ASHTON, Idaho -- A project is bringing aspen trees back to eastern Idaho, making a forest more attractive to wildlife and potentially more fire resilient.

Aspen regeneration will happen on nearly 50,000 acres of the Middle Henry's Fork Watershed in the Caribou-Targhee National Forest, which borders Yellowstone.

Liz Davy, a ranger in the forest, says aspen are moist and therefore more difficult to burn than fir or pine trees.

"Fire, when it comes into those aspen plant communities, drops down to the ground, or the fire intensity gets lower," she explains. "And so, firefighters can get a better handle on that fire if they're trying to suppress it."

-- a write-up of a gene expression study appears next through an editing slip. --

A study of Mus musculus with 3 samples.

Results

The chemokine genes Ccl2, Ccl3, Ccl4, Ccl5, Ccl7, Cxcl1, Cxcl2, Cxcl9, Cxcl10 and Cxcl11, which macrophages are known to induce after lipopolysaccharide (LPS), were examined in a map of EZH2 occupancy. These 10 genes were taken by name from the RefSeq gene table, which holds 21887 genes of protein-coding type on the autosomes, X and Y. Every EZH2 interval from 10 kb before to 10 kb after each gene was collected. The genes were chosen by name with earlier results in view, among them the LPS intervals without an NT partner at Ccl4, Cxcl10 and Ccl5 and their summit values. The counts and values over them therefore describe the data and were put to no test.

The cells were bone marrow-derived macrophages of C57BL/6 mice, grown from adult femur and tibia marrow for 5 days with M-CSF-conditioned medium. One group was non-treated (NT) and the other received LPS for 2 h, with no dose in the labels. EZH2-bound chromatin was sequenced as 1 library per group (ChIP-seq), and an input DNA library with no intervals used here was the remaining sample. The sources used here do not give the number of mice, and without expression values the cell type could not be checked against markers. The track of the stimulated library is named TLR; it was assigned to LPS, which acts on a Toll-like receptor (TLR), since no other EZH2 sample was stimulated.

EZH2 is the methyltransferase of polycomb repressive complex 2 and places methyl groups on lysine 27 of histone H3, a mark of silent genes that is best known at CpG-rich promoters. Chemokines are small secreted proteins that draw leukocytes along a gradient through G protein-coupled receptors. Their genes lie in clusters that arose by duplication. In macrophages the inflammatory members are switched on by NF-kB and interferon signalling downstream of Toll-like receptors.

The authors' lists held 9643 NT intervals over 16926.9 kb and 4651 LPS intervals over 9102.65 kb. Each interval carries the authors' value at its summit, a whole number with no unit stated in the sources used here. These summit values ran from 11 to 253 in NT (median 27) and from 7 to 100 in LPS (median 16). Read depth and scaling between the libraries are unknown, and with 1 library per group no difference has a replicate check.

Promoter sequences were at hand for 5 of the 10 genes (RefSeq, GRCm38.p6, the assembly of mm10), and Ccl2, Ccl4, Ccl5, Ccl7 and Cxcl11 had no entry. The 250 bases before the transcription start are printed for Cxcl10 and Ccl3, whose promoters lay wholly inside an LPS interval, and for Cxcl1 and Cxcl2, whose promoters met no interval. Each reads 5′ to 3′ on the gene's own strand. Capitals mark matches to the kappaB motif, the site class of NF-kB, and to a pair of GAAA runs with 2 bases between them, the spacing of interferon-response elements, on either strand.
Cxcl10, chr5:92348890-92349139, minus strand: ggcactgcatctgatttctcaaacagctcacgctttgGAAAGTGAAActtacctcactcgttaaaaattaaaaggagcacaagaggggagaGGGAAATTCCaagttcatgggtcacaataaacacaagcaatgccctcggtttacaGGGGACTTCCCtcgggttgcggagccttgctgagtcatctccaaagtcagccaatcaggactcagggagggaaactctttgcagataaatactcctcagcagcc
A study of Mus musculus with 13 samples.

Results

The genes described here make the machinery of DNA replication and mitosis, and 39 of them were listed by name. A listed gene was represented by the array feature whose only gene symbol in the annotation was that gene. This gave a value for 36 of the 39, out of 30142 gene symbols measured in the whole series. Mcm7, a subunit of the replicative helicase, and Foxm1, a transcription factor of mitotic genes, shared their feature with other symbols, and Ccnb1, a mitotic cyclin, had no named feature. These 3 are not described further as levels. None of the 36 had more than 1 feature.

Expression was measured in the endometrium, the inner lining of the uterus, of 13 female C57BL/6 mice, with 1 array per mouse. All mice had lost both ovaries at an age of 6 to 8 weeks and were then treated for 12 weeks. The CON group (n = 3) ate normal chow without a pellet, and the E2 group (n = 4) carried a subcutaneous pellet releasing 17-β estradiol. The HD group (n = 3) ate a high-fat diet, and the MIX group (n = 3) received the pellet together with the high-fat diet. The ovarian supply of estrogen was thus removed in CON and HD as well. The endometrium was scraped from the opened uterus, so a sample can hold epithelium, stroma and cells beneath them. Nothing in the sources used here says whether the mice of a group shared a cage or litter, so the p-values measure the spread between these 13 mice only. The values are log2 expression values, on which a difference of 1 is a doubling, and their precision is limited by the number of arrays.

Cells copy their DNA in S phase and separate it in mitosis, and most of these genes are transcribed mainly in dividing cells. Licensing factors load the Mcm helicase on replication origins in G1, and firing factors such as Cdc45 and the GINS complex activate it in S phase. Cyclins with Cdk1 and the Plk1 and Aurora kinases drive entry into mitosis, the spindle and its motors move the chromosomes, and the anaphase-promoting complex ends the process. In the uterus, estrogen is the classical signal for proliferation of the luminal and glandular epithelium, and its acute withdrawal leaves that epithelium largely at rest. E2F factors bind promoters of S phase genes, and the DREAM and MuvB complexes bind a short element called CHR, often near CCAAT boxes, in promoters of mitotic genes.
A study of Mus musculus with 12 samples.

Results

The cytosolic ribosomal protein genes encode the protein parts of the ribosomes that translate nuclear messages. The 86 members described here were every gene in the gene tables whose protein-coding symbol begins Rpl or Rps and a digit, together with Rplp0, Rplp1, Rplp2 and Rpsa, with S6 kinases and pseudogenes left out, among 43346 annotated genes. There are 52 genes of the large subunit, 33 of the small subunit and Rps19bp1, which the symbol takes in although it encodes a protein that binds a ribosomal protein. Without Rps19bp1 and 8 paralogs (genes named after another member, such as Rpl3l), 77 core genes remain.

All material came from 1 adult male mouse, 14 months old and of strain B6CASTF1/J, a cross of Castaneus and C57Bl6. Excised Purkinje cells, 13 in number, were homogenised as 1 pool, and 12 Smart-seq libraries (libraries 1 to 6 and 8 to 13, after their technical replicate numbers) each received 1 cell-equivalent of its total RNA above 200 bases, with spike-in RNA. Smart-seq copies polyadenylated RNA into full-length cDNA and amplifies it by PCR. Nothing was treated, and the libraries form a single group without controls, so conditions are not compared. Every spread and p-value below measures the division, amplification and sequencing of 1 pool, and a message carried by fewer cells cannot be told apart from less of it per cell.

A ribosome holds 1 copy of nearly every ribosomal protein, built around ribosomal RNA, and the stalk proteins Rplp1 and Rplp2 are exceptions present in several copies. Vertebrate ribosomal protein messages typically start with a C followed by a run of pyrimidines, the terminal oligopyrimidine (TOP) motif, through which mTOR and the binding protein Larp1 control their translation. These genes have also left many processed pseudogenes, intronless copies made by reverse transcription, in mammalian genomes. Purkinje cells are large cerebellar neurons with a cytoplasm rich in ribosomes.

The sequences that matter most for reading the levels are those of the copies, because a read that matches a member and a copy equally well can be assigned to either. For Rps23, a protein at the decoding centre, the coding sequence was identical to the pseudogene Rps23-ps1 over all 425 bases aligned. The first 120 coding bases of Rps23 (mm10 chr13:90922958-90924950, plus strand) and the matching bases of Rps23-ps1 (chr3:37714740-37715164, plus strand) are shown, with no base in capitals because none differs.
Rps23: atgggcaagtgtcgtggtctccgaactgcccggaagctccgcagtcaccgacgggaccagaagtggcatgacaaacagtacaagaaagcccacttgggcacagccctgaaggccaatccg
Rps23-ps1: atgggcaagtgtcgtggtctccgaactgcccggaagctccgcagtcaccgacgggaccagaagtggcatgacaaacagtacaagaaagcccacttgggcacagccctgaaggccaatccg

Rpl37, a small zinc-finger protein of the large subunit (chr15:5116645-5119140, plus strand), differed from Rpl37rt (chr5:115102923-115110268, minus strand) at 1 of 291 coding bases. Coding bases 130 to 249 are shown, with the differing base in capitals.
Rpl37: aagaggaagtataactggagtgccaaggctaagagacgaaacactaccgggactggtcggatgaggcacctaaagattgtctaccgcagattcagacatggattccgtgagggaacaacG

Aspen have declined in the area because of past fire suppression and logging practices.

Davy adds that conifers outcompete aspens for space in the forest, which has also hurt their comeback efforts.

Aspen are considered keystone species and so, their removal can lead to ecosystem changes.

Davy says more aspen will improve the habitat for the region's ungulates.

"So -- like moose, elk, mule deer -- because it's important in various stages of their life cycles," she states.

Matthew Ward, watershed manager in eastern Idaho for The Nature Conservancy, says the project has another benefit. Aspen leaves put on a beautiful show, turning yellow and orange in the fall.

"There's very little diversity in the stands because of past management practices and so, the aspen create more of a visual aesthetic, as well," he states.

The project is expected to kick off in mid-July.

Disclosure: The Nature Conservancy of Idaho contributes to our fund for reporting on Environment. If you would like to help support news in the public interest, click here.